In 2018, expert modelers from various backgrounds met in New York to collaboratively review existing models dealing with the impact of introducing products that were assumed to be MRTPs for modeling purposes on population health. The outcome of this work was published in a review authored by the modelers. The scientists jointly conclude that introducing MRTPs to the market is likely to have a beneficial effect on population health.
The best way for someone who smokes to reduce the risks associated with smoking is to quit. For smokers who do not choose to quit nicotine or tobacco product use, the introduction of MRTPs to the market is part of the harm reduction strategy. In order to be marketed as an MRTP, a product must be scientifically substantiated to significantly reduce harm and/or exposure to harmful toxicants compared to continued smoking and benefit the health of the population as a whole.
In addition to these products’ effects on individuals, it is therefore also important to know how the introduction of MRTPs could impact the population health as a whole. New tobacco products have been commercially available for just 10 years or less, and specific products have been authorized as MRTPs only since 2019. So, their actual impact on population health cannot yet be quantified, and therefore epidemiological evidence is needed to answer several questions:
Until these questions can be answered with robust data, modeling approaches can be used to estimate and compare population health indicators, with or without the actual introduction of the MRTP or a product assumed to be for modeling purposes.
Estimating the Population Health Impact of Recently Introduced Modified Risk Tobacco Products: A Comparison of Different Approaches. This is a screenshot of the published review, which is open access and available to download for free at the publisher’s website. Published in Nicotine & Tobacco Research, 2020.
In 2018, scientists from both the tobacco industry and academia met to discuss models at New York University. There, the scientists reviewed, compared, and commented on existing models dealing with the impact of MRTP introduction on population health. This collaborative work resulted in the publication of a review, authored by those who attended the meeting and other experts having published papers on relevant models.
At the time of the meeting, 13 relevant models were available to be reviewed. Of these, six were supported by tobacco companies and seven by public funding. With the exception of three models discussed in more detail in the review, the models are cohort-based, meaning that a population is followed over time under the null scenario (where MRTPs are not introduced), and alternative scenarios (where they are introduced). Using estimates of the risk factors, coupled with patterns of product use over time, the models calculate mortality changes associated with MRTP introduction.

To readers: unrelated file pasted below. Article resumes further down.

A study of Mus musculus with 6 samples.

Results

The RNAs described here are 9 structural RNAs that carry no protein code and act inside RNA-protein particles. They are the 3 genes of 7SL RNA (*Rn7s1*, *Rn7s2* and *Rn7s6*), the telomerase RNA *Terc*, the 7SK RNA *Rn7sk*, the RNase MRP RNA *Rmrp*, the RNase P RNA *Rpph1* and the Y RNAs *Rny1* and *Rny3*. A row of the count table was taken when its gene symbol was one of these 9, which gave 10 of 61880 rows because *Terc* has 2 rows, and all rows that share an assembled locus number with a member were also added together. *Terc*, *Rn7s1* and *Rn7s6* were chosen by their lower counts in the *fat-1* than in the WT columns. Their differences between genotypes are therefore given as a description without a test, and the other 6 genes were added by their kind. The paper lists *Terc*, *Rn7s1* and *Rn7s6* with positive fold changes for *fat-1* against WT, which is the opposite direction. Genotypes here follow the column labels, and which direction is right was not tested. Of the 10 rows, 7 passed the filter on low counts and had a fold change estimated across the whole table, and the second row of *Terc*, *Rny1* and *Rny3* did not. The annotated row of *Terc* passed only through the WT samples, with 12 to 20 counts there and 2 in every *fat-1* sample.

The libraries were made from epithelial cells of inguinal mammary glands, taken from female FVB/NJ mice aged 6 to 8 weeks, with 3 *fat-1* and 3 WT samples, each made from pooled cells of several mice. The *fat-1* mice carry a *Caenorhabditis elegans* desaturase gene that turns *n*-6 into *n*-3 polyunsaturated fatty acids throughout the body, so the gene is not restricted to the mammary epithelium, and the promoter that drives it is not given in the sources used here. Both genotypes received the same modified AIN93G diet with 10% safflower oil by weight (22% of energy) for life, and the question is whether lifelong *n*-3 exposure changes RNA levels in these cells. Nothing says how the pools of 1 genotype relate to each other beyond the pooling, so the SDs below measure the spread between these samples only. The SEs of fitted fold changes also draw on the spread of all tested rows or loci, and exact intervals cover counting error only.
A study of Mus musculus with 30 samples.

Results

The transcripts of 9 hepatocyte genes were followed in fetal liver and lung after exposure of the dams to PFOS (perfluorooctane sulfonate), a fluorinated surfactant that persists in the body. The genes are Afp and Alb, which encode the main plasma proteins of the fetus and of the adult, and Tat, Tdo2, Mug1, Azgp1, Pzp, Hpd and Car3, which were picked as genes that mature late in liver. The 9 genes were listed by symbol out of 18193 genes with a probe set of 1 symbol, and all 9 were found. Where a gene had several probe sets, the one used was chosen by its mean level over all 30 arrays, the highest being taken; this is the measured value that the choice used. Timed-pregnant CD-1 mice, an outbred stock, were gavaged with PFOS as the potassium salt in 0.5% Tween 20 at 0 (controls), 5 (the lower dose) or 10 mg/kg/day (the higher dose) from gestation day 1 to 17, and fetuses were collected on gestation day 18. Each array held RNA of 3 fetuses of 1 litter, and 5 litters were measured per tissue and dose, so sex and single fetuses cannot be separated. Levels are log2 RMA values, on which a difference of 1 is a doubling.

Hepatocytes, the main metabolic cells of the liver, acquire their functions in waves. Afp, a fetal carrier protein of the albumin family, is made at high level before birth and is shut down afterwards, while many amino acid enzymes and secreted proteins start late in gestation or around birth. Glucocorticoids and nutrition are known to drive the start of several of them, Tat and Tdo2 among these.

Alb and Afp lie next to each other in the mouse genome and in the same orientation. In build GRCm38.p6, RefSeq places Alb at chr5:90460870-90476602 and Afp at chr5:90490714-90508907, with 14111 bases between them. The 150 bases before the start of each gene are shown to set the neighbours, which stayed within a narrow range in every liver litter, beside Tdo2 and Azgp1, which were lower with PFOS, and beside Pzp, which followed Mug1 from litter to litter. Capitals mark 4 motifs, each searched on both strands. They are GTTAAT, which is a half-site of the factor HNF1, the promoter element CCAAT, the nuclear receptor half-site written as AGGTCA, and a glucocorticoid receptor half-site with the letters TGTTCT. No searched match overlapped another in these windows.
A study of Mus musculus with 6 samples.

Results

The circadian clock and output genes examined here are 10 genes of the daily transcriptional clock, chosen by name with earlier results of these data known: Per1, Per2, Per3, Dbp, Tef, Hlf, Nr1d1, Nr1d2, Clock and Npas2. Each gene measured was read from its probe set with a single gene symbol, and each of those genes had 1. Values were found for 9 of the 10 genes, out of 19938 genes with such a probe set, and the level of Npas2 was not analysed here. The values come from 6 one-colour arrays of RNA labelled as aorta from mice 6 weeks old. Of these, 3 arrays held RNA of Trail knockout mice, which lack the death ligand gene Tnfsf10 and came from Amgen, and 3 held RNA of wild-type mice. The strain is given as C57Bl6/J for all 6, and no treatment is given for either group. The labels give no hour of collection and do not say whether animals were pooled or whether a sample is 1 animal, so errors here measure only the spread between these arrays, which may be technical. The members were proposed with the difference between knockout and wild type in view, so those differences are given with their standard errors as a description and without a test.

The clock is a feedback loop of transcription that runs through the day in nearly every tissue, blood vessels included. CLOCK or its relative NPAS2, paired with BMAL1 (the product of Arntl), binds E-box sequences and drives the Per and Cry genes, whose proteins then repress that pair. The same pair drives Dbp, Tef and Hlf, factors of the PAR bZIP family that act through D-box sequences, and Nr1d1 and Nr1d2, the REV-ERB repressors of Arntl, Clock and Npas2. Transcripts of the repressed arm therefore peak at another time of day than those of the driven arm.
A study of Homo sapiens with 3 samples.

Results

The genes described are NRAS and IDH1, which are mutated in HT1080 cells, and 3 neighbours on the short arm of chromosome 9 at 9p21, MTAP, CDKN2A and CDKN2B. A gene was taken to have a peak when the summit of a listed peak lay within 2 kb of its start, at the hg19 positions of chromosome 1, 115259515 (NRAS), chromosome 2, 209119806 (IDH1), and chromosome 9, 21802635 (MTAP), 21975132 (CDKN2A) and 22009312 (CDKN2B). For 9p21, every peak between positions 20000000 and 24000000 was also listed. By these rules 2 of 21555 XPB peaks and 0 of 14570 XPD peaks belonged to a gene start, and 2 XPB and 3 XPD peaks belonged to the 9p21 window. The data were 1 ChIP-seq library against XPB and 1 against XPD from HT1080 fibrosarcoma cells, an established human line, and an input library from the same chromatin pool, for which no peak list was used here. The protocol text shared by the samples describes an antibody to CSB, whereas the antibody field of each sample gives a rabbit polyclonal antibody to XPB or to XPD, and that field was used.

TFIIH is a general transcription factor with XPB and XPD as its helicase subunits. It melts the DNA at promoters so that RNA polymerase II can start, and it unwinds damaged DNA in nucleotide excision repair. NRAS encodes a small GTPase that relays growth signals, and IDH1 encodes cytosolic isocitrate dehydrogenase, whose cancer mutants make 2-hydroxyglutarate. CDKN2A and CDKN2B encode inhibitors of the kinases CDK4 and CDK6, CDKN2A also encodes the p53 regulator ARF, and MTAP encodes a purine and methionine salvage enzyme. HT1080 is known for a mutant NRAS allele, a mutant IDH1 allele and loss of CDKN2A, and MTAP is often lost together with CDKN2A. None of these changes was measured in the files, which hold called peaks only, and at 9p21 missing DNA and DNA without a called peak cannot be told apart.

The models differ in their structure, their input data, and the assumptions they make related to the uncertainties mentioned above. For example, the estimated risk factor for exclusive MRTP users is different depending on the model. Most models use a fixed value, while others reflect uncertainty in risk by allowing the value to vary. In the reviewed models that use a fixed value, the risk factor is based on the opinion of experts, or on toxicology, clinical, and/or national health data. It ranges from 0.04 to 0.25, indicating that the harm associated with using MRTPs is ranked lower than the harm associated with using conventional cigarettes. For context, a nonsmoker’s relative risk is 0, and a smoker’s relative risk is 1.
Brief overview of the principle of models estimating the impact of MRTP introduction on population health.
The patterns of product use, and the changes in those patterns over time, also differ significantly between models, both in the null and the alternative scenarios. For instance, some models allow quitting and re-initiation of a product, some don’t. Some models include variations of product use patterns by age and gender, some don’t. For the null scenario, all models use national data as their source for product use patterns and their changes. For the alternative scenarios, some models use hypothetical product use patterns, while others use data from consumer studies. All these aspects are explained in more detail in the review.
The aim of the review was not to decide which model is the best. Rather, it was to present an analysis of the differences (and hence the similarities) of the models, and the impact that these differences may have on the results. The experts commonly agree that models can only approximate reality and have numerous limitations; however, if based on plausible situations, they provide useful insights into how the differing assumptions affect changes in mortality following MRTP introduction.
After their in-depth review of the 13 models, the experts concluded that the introduction of products assumed to be MRTPs is likely to have a beneficial effect on population health. Further model development, including results from epidemiological studies once available, will enable more accurate predictions on the effects of MRTP introduction on population health
Learn more by reading the modelers’ review of the population health impact models. Among those studies reviewed was PMI’s model estimating the impact of introducing a smoke-free tobacco product in the U.S. published in 2017. Although not reviewed in this study, our scientists also estimated the population health impact of introducing a smoke-free product into Japan in 2018, including some comparisons to our original model focused on the U.S.